A pure metal is one composed entirely of a single element. These metals are rarely used in structural applications and
are usually difficult to prepare because of problems in removing all traces of other elements.
Mechanical Properties Of Pure Metals.
Pure metals have relatively low resistance to deformation because there are few mechanisms to prevent the movement
of dislocations through the metal. Two conditions can add to the strength of pure metals. Yield strength, which is a
measure of the first detectable plastic deformation, can be increased very slightly by decreasing grain size. A grain is a
small volume of the metal with the same three dimensional repetitive pattern of atoms. Most engineering metals are
made up of a large number of grains fitted together along grain boundaries usually not visible to the unaided eye.
Difference in lattice orientation in adjoining grains provides increased resistance to dislocation movement. A second
strengthening mechanism for pure metals is cold working. Cold working multiplies the number of dislocations, and
interaction between dislocations on different lattice planes increases the resistance to further deformation.
Conductivity Of Pure Metals.
Conductivity of pure metals is very high. As the purity of the metal decreases, conductivity is reduced. The normal
flow of electrons is decreased by scattering and interaction with the impurities.
Most engineering metals are alloys. An alloy is formed by adding one or more metals or non-metals to a base metal to
form a metal of desired properties. Alloying elements are usually added during melting of a base metal and the
quantities added are specified over a percentage range. The alloying elements can be in one or more forms in the
solidified state depending on the amount added and the rate of cooling from the melting temperature. Some elements
may occupy lattice positions normally occupied by atoms of the base metal. The alloy thus formed is called a
substitutional solid solution. Very small atoms such as those of carbon, nitrogen and hydrogen take up positions
between the base metal atoms to form interstitial solid solutions. This action can actually change the lattice structure,
an example being the addition of carbon to iron to form a steel. Alloying elements can also form new lattice structures
which are continuous throughout the metal or distributed as small particles of various sizes throughout the metal. The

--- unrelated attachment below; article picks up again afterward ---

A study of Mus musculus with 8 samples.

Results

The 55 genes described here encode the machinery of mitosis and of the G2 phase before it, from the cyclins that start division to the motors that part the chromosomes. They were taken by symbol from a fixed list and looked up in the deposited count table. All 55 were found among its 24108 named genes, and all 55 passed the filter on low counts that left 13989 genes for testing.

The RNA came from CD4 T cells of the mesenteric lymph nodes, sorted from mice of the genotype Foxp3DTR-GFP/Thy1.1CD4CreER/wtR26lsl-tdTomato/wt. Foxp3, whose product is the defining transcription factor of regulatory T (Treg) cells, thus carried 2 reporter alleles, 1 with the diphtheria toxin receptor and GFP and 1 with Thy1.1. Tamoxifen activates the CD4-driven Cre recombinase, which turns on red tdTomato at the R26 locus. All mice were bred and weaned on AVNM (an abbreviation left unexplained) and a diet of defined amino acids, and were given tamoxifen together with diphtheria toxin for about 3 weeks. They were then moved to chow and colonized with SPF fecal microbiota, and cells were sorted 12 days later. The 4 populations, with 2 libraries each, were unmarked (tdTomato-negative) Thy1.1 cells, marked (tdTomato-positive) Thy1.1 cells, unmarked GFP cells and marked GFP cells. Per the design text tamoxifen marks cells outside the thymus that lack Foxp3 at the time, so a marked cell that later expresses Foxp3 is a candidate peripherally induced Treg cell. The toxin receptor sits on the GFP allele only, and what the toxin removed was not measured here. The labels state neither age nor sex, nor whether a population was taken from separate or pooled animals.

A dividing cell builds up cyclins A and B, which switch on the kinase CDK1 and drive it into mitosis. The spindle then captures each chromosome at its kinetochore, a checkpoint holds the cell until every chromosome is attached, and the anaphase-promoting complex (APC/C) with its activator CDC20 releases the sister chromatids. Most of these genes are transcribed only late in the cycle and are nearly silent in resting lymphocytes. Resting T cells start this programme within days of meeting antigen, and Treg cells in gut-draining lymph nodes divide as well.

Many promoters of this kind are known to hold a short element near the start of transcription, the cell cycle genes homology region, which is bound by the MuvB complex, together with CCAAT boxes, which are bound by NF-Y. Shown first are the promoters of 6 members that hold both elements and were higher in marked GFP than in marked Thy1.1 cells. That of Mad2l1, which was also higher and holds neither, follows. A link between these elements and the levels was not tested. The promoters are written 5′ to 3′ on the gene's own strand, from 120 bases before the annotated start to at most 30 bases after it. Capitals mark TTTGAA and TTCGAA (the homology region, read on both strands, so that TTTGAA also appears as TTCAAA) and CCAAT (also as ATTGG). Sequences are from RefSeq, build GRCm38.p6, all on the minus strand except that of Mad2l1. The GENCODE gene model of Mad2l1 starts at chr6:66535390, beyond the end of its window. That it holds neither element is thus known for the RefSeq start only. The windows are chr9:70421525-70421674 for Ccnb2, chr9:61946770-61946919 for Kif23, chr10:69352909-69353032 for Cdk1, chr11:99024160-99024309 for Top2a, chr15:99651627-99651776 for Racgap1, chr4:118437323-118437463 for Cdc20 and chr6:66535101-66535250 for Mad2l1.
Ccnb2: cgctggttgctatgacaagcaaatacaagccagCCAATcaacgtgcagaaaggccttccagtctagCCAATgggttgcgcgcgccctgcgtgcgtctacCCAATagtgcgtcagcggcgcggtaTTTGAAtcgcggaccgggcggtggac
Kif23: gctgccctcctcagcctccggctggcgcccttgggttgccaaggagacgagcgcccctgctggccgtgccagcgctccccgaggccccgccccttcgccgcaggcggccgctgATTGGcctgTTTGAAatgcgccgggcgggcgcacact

distribution of the alloying elements is dependent on the amount of alloying elements that are added in relation to the
amount that can be tolerated in the lattice of the base metal and their change in solubility with temperature.
Alloy Effects On Mechanical Properties.
All of the alloying element distributions increase the resistance of a metal to deformation. Increased strength results
from the interference of the alloying atoms of particles formed by the alloying atoms with the movement of dislocations
or by the generation of new dislocations. This distribution can often be modified by heat treatment.
Alloy Effects On Conductivity.
The conductivity of a metal is decreased as increasing amounts of alloying elements are added. Even small amounts of
foreign atoms can greatly reduce conductivity. Some alloying elements have a much greater effect on conductivity than
others. Generally, atoms that most severely differ in size and electron distribution from the base metal cause the
greatest decrease in conductivity. The lattice distortion caused by the alloying atoms and particles of different chemical
composition inhibits the flow of electrons through the lattice. Because of variations in chemical composition resulting
from the tolerances in alloy additions, a conductivity range rather than a specific conductivity value is obtained for each
The properties of metals can be altered by changing the number and distribution of dislocations, alloying atoms, and
particles of different composition. These changes can be accomplished through various types of heat treatment. The
three principal types of heat treatment are: (1) annealing, (2) solution heat treatment, and (3) precipitation heat
treatment or artificial aging.
In annealing, the metal is heated to a sufficiently high temperature to remove the effects of cold working by
redistribution of dislocations and, in some instances, by the formation of new stress-free grains (recrystallization).